It's been a volatile year for the stock market, and it's not over yet. The S&P 500 closed just above its 2018 low on Tuesday, and both the Dow Jones Industrial Average and the S&P 500 are on pace for the worst December performance since the Great Depression in 1931.
"It's not a safe market. It's a treacherous market," said CNBC's Jim Cramer. "This is the most treacherous market I've seen in a many a year."
Former Federal Reserve chief Alan Greenspan warned investors that it's unlikely that the market will stabilize and then take take off again. Markets could still go up but, he said, "at the end of that run, run for cover."
Still, for the average person, there's no reason to panic. In fact, the No. 1 thing you should do with your money is absolutely nothing, Greg McBride, CFA and chief financial analyst at Bankrate, tells CNBC Make It.
"Individual investors' biggest enemy in a market correction," or when the market is down more than 10 percent from a high, "is going to be themselves," McBride says. "The worst thing you can do is the panic-selling, knee-jerk reaction."
It's natural for the market to have ups and downs, McBride explains. But if you rush and sell the minute a downturn starts, you're left out when stocks rebound a week, month or year later.
Typically, it takes a stocks an average of 121 days, or four months, to recover from a correction. If a downturn becomes a bear market, which is when stocks fall 20 percent or more from a high, it takes an average of 22 months, which is less than two years, to recover.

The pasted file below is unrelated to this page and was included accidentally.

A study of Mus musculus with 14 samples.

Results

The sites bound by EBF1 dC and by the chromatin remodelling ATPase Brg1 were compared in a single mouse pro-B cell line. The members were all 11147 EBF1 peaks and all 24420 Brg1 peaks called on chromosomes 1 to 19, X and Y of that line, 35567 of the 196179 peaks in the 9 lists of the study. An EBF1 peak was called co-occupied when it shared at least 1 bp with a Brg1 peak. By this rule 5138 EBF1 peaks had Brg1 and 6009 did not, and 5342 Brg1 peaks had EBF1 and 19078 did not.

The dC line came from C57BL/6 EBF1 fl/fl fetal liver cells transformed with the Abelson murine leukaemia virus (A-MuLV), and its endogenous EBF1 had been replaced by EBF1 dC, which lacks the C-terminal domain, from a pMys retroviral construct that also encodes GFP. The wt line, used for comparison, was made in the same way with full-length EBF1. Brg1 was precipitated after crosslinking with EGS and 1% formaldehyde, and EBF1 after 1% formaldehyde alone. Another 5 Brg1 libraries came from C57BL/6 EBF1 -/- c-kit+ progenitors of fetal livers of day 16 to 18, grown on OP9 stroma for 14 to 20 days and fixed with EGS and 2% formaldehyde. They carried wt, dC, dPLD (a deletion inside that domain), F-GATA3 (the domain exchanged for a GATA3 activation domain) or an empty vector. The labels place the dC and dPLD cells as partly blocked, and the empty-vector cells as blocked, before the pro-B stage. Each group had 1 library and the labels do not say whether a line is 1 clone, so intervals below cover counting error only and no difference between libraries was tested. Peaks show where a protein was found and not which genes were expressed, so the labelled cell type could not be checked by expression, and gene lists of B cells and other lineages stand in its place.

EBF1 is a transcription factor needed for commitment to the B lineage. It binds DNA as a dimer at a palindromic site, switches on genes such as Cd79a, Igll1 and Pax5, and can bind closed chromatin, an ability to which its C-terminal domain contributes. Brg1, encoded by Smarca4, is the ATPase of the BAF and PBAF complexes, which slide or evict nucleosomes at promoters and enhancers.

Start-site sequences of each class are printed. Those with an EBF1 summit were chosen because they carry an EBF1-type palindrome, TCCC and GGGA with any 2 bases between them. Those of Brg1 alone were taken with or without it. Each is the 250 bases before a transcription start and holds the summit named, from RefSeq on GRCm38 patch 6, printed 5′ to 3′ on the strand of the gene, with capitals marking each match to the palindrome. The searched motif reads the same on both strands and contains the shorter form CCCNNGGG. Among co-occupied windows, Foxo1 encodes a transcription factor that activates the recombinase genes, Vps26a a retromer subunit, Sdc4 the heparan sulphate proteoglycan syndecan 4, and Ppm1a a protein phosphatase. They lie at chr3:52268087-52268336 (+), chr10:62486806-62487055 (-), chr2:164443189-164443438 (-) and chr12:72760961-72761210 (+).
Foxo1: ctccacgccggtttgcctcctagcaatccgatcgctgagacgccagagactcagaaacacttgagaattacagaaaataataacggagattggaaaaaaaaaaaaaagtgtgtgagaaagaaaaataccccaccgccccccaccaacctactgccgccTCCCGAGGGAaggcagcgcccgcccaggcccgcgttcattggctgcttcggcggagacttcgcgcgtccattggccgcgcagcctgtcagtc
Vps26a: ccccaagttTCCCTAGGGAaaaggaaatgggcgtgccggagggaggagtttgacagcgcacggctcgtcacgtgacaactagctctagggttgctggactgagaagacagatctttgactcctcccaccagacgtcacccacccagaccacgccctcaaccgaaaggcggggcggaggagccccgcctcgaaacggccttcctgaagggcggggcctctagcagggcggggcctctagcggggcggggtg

Instead of watching the market's every move, it's more important to keep your eye on are the underlying factors that drive the economy, which are "really positive" right now, McBride says. "Unemployment is really low, the economy is growing, people are spending money. Ultimately, that's good for the economy and good for the stock market."
When you invest, do it for the long haul, McBride says. "Even in the face of doomsday forecasts of a recession, markets tend to recover all of that within 5 years. If you're investing for decades, who cares?"
So if you're still 20, 30, or 40 years away from retirement, keep your hands off your 401(k).
However, if you're close to retirement or have shorter-term financial goals, make sure to safeguard that money by keeping it in very conservative investments or cash, rather than in stocks, McBride says. That includes any money you'll need within the next 10 years.
The bottom line is that stocks are good long-term investments, but you have to remember to think long-term as well. "In the short-term, markets can be very volatile, but over the course of decades, you're rewarded for your patience and discipline," McBride says.